By Alan Johnston
BBC News, Gaza
Zakariah Zaneen lowered the tiny orange tree gently into a hole he had dug on his farm in northern Gaza.
Tens of thousands of trees were cleared by the Israeli army in Gaza
He shovelled the earth back in around the sapling and left it standing about knee-high - its leaves gleaming in the sunshine.
It was the first tree planted in what will be a new orchard - a replacement for the orchard that the Israeli army destroyed.
"Thank God," said Mr Zaneen. "This is a happy day for us and for the children and for the neighbours. I've waited a long time to be able to rebuild what the occupiers bulldozed on this farm."
Mr Zaneen was one of many farmers around the town of Beit Hanoun who had their orchards uprooted last summer.
Army bulldozers moved in and systematically laid waste some of the best farmland in Gaza. Tens of thousands of orange and lemon trees were torn out.
One of Mr Zaneen's neighbours, an elderly relative called Ahmad, remembers the day the soldiers came to wreck the orchard that he had tended all his life.
"We couldn't leave our houses because anyone who went out would have been shot - so we watched through a window," Ahmad said.
"We saw the bulldozer begin to harvest. It was like an earthquake. In an hour-and-a-half our green paradise was turned to dust.
"The trees were left lying in the tracks of the bulldozer - it was as if they were lying in their graves."
The Israelis said the trees around Beit Hanoun had to be destroyed because they were providing cover for Palestinian militants who were launching rocket attacks.
A frequent target was the town of Sderot, which lies just a few kilometres away - beyond Gaza's perimeter fence - in southern Israel.
'Shelter for militants'
There were several deaths in Sderot last summer. Among them was that of Afik Zahavi, a four-year-old boy killed when a rocket fired from Gaza came crashing down near a nursery school.
Palestinians often justified these attacks by saying they were retaliation for the deaths they suffered almost every day under Israeli army occupation in Gaza.
But Israel said no nation would tolerate the random bombardment of its homes, schools and offices by groups like Hamas - which say they are committed to Israel's destruction.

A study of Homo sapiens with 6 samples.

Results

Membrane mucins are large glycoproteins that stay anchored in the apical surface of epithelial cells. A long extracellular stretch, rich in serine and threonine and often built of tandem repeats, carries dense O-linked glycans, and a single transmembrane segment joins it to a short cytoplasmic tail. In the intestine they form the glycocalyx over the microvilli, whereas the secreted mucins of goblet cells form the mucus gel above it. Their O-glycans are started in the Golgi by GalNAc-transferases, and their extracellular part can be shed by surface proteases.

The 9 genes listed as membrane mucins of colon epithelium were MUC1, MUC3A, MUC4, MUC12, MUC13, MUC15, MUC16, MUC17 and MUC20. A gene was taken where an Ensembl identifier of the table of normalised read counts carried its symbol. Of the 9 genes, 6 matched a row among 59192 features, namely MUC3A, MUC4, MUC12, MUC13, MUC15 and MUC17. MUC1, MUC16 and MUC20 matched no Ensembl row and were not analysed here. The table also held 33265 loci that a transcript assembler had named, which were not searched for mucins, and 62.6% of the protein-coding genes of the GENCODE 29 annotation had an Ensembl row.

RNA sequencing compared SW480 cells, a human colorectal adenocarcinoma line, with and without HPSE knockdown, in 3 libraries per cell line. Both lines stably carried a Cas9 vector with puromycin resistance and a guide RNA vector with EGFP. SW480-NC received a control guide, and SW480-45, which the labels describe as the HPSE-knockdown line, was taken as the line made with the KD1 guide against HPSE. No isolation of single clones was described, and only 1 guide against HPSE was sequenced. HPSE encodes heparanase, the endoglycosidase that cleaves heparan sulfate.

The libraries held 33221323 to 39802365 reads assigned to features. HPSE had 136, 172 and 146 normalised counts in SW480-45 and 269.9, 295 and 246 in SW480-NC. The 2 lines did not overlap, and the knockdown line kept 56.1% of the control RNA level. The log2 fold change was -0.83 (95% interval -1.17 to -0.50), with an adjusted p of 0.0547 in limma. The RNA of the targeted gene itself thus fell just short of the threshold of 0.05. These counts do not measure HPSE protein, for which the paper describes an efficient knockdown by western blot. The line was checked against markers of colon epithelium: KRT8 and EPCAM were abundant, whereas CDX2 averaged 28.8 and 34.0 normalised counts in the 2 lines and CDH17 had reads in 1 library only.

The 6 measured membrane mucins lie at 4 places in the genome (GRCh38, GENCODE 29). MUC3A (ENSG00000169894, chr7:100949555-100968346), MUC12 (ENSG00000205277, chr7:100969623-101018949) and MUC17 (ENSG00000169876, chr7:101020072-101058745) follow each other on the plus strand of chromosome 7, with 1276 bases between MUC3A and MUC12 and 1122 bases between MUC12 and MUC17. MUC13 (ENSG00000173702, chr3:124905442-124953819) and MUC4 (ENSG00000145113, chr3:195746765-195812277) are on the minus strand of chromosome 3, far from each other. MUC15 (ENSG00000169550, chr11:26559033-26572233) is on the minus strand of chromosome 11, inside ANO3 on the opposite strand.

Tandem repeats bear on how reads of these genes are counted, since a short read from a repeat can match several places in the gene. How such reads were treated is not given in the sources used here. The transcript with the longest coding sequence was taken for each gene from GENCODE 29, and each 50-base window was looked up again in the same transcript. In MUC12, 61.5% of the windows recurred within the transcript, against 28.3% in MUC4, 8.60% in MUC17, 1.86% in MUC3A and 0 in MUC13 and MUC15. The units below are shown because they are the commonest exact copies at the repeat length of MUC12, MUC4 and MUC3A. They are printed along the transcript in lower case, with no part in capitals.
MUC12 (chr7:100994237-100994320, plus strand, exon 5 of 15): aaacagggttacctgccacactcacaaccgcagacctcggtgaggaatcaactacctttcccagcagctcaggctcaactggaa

The orchards that sheltered the militants had to go, the Israelis said.
But you meet farmers like Ahmad and Zakariah Zaneen who say that they had nothing to do with the militants - and that rockets were never fired from their fields. They believe they were victims of collective punishment on a grand scale.
They say that the destruction of Beit Hanoun's wells and greenhouses had nothing to do with Israel's security. The farmers believe the army was trying to break their community economically.
The army says no.
"Exposing these areas where there were trees and wells and infrastructure used by terrorists to fire rockets from was very necessary," says Captain Yshai David, of the Israeli Defence Forces. "It helped the IDF have better visibility and it pushed the terrorists back."
It is spring in Gaza now. A time to plant again - and a time of some hope for peace.
Palestinian leader Mahmoud Abbas has urged the militants to halt their attacks on Israeli targets. He says it is time to try to negotiate an end to the Israeli occupation of the Palestinian territories.
But, even as they start the long, hard effort to bring their wrecked orchards back to life, there is little real optimism among the farmers.
They fear that there will be more violence, and that one day the bulldozers will be back - perhaps long before their fields bear fruit.
"Believe me it will happen again," said one of the farmers. "There's no trust between the governments."
But the farmer said that it was still worth replanting.
"This is my land. If you destroy it, I will rebuild it. If you destroy it every day, I will rebuild it."